Online app stores are filled with software programs that secretly collect vast amounts of data on young web and app users, including their location and even recordings of their voice, latest report claims.
According to privacy researchers and consumer advocates, mobile app makers have not stopped developing applications that collect vast amount of sensitive data through software aimed at kids, despite of the US federal privacy rulings that calls for app developers to get parental consent before collecting personal data on anyone younger than 13.
“Kids are such a lucrative market, especially for apps. Unfortunately, there are still companies out there that are more concerned about generating revenue than protecting the privacy of kids,” said Jeff Chester, executive director of the Center for Digital Democracy.
Knowingly or unknowingly, Americans have shared vast amounts of personal data in exchange for the ease and functionality of fun mobile applications on their phones. They are even not aware of how their personal information is being put to use by advertisers or local governments.
Chester and other consumer advocates have claimed that fast food chains are increasingly focusing on digital media advertising, targeting blacks and Hispanics. The advocates also warn that personal data collected from phones can be combined with offline information like home prices, race or income in ways that could violate fair lending laws.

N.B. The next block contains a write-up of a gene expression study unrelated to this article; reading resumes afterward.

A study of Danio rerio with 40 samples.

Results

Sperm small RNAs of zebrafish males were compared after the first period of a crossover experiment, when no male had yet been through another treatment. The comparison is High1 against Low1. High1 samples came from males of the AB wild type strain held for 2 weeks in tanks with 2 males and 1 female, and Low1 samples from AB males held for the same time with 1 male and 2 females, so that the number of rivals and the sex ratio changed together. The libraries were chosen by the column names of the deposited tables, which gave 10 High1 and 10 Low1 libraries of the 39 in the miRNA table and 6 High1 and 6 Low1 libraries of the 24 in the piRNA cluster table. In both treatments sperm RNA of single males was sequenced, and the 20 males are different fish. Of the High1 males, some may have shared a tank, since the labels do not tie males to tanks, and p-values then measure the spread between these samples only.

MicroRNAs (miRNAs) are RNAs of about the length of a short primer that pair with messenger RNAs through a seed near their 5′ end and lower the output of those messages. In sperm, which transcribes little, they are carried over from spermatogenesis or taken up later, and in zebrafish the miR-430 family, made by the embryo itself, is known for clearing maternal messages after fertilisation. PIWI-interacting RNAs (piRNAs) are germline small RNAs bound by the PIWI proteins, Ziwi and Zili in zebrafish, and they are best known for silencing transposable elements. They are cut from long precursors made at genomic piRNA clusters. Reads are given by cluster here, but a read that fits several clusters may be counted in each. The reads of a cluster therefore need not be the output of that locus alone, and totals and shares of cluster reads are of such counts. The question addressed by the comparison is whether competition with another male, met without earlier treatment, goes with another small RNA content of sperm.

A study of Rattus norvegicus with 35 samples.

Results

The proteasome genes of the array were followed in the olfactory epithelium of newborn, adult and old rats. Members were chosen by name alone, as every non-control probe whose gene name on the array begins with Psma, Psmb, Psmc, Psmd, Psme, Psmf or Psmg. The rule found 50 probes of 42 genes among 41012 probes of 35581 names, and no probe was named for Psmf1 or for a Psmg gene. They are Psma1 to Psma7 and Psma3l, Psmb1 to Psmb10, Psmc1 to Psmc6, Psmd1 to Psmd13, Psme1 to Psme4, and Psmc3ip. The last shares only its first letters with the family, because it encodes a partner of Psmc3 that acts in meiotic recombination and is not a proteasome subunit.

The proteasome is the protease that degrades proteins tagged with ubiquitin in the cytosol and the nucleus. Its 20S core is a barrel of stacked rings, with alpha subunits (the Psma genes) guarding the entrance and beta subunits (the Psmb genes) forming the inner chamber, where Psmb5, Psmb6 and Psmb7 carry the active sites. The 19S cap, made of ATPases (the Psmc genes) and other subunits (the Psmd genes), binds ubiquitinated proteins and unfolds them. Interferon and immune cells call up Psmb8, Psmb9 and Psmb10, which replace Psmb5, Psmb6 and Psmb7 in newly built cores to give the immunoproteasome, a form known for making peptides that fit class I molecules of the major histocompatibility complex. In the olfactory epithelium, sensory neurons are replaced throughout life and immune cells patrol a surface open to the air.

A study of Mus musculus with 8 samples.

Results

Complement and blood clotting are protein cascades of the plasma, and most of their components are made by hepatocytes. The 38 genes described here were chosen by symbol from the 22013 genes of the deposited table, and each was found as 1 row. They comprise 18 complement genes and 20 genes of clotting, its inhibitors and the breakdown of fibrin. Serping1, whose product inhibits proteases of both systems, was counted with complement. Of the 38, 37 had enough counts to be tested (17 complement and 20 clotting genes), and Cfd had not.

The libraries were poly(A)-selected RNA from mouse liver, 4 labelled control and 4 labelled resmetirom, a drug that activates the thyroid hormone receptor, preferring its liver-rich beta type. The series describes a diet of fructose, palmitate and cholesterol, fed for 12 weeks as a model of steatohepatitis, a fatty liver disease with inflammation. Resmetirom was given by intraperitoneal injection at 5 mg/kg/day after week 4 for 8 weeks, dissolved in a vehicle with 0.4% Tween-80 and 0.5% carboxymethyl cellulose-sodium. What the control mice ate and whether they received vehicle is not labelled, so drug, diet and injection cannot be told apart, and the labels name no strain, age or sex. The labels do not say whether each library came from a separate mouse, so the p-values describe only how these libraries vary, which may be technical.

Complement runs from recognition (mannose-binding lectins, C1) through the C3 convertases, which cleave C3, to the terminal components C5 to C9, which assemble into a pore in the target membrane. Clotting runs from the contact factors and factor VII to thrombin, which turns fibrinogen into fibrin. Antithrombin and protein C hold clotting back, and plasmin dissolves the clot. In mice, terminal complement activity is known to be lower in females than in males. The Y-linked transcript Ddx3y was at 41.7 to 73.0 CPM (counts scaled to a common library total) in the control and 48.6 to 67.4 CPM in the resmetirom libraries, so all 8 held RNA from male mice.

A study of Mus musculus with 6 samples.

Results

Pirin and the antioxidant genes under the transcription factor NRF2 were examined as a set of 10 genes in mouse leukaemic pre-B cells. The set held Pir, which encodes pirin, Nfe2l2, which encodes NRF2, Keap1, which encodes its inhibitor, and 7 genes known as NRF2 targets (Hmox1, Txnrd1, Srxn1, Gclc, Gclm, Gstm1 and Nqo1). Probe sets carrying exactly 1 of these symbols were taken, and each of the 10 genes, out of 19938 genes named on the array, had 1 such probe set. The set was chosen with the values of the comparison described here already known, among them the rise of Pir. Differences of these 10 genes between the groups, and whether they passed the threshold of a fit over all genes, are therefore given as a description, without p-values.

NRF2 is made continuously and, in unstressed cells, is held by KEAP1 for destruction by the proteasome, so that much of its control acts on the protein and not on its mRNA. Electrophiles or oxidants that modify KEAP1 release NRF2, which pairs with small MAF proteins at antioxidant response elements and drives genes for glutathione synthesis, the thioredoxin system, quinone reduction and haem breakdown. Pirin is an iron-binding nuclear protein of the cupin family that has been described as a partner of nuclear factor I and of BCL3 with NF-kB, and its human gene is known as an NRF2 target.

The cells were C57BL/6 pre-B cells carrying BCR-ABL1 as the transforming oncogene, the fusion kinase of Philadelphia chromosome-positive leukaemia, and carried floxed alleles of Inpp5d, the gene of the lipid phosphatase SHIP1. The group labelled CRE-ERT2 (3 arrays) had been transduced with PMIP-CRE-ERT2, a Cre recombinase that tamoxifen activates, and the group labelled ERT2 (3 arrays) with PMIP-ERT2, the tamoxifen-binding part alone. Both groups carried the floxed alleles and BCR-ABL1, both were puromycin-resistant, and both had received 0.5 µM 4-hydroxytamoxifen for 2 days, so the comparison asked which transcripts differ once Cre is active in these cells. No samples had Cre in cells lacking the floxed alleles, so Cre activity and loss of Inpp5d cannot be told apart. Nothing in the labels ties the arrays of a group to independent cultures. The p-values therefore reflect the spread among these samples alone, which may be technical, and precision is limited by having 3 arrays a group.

According to PrivacyGrade.org, which is run by computer scientists at Carnegie Mellon University, many popular kids’ apps like Talking Tom and Fruit Ninja collect information in ways parents wouldn’t necessarily expect. While, Fruit Ninja collects a player’s location, Talking Tom taps in a child’s audio recordings.
Jason Hong, who runs PrivacyGrade.org, says it’s hard to know exactly what developers are doing with the information they collect. Hong said he thinks the government should devote more resources to evaluating popular apps and working with developers to promote basic privacy standards.
“It’s part of a long conversation about what is privacy, and what we should be doing every day,” he said.